Not Just Security
Many of the rooms at the National Gallery were closed last week. More than 200 staff were on their second five-day strike over plans to outsource security and visitor services. In the rooms that were open, the remaining attendants were hovering awkwardly near their chairs. CIS, the private contractor brought in to staff the recent Rembrandt exhibition, bans its employees from sitting down. I asked one of them how he felt about the arrangement. ‘I honestly don’t know why they’ve put chairs here,' he said. 'But I like walking around, it means I can speak to people. If I was sat down nobody would speak to me.’
When CIS was drafted in last autumn, a gallery spokeswoman told me the exceptional circumstances of the show demanded a new approach: ‘Obviously Rembrandt is a major international exhibition and we wish to be able to ensure maximum access to the public.’ But they showed no signs of leaving when the show closed last month. The staff union, PCS, was concerned the company had been brought in to break resistance to the outsourcing plans. The union also fears that CIS is being lined up to step in when the full contract goes out to tender in May. One rep – speaking anonymously after the gallery threatened disciplinary action against staff members who speak out – said there was now a large surplus of gallery staff on shift at any given time.
This approach from management – which says it has been forced to ‘appoint an external partner’ because of PCS’s opposition to a new roster system – has done little to convince workers they can make progress through ongoing negotiations. One employee told me she had seen an HR manager taking photographs of pickets one morning; the gallery strongly denies this. And on the eve of January’s walk-out, a senior union rep, Candy Udwin, was suspended for allegedly disclosing a confidential figure about the cost of outsourcing to union staffers. Udwin turned up with her colleagues to a conciliation session last Tuesday, but gallery managers didn't let her take her seat at the table.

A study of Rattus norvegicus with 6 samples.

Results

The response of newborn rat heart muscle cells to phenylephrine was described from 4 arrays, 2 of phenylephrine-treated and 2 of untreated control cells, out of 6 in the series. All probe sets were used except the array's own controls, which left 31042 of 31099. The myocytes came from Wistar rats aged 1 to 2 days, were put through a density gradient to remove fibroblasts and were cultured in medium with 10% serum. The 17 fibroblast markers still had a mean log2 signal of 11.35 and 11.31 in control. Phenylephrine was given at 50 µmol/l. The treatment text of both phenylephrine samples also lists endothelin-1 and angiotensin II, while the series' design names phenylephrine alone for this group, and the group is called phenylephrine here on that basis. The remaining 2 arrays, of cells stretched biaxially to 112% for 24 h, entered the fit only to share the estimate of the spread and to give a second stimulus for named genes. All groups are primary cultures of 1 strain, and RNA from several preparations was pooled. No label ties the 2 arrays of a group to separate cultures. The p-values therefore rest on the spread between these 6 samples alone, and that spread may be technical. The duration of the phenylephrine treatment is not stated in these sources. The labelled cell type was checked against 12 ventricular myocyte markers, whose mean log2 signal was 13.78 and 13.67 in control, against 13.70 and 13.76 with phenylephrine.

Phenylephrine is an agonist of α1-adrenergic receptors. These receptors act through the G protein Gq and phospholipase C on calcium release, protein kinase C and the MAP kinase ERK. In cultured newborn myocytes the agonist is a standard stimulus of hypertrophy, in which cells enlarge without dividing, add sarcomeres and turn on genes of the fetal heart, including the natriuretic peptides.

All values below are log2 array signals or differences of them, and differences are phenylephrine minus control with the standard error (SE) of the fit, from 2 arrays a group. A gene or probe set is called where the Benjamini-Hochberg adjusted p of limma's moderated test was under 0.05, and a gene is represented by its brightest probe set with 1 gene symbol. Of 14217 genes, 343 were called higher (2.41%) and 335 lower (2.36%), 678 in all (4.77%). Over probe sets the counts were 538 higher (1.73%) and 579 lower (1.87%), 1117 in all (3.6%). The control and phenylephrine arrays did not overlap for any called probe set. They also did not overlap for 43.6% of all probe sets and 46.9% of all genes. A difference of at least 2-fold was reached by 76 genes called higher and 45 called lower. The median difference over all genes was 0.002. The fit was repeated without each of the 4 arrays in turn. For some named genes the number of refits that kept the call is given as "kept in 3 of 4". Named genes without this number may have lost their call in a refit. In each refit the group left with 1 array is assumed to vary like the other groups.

On Thursday pickets and supporters marched to Getty Images Gallery, off Oxford Street, with a letter urging Mark Getty, the chairman of the National Gallery's board of trustees, to consider their proposals for reforming the gallery. Shift patterns can be changed and opening hours extended without resorting to privatisation, they say.
Visitors I spoke to were sympathetic. ‘I personally support the strike action very much,’ said Pino Cimino, who has been visiting the gallery since he was an art student in the 1970s. ‘The staff here are almost friends. They know everything about the gallery, even if they see a little speckle of dust they know why it’s there. If you put agency people in here, they won’t be emotionally involved with the paintings.’ Another visitor, on her way to the tea room, was more ambivalent. ‘If it’s the right specification, then they’ll get the right people,’ she said. ‘But if they end up with people who don’t know about the paintings then I’d support this protest.’ Management insists employees will be transferred to the new contractor, and their conditions protected. Reps say you only need look to the Sainsbury Wing; when I asked a CIS guard there for information, she replied: ‘Sorry, we’re just security.’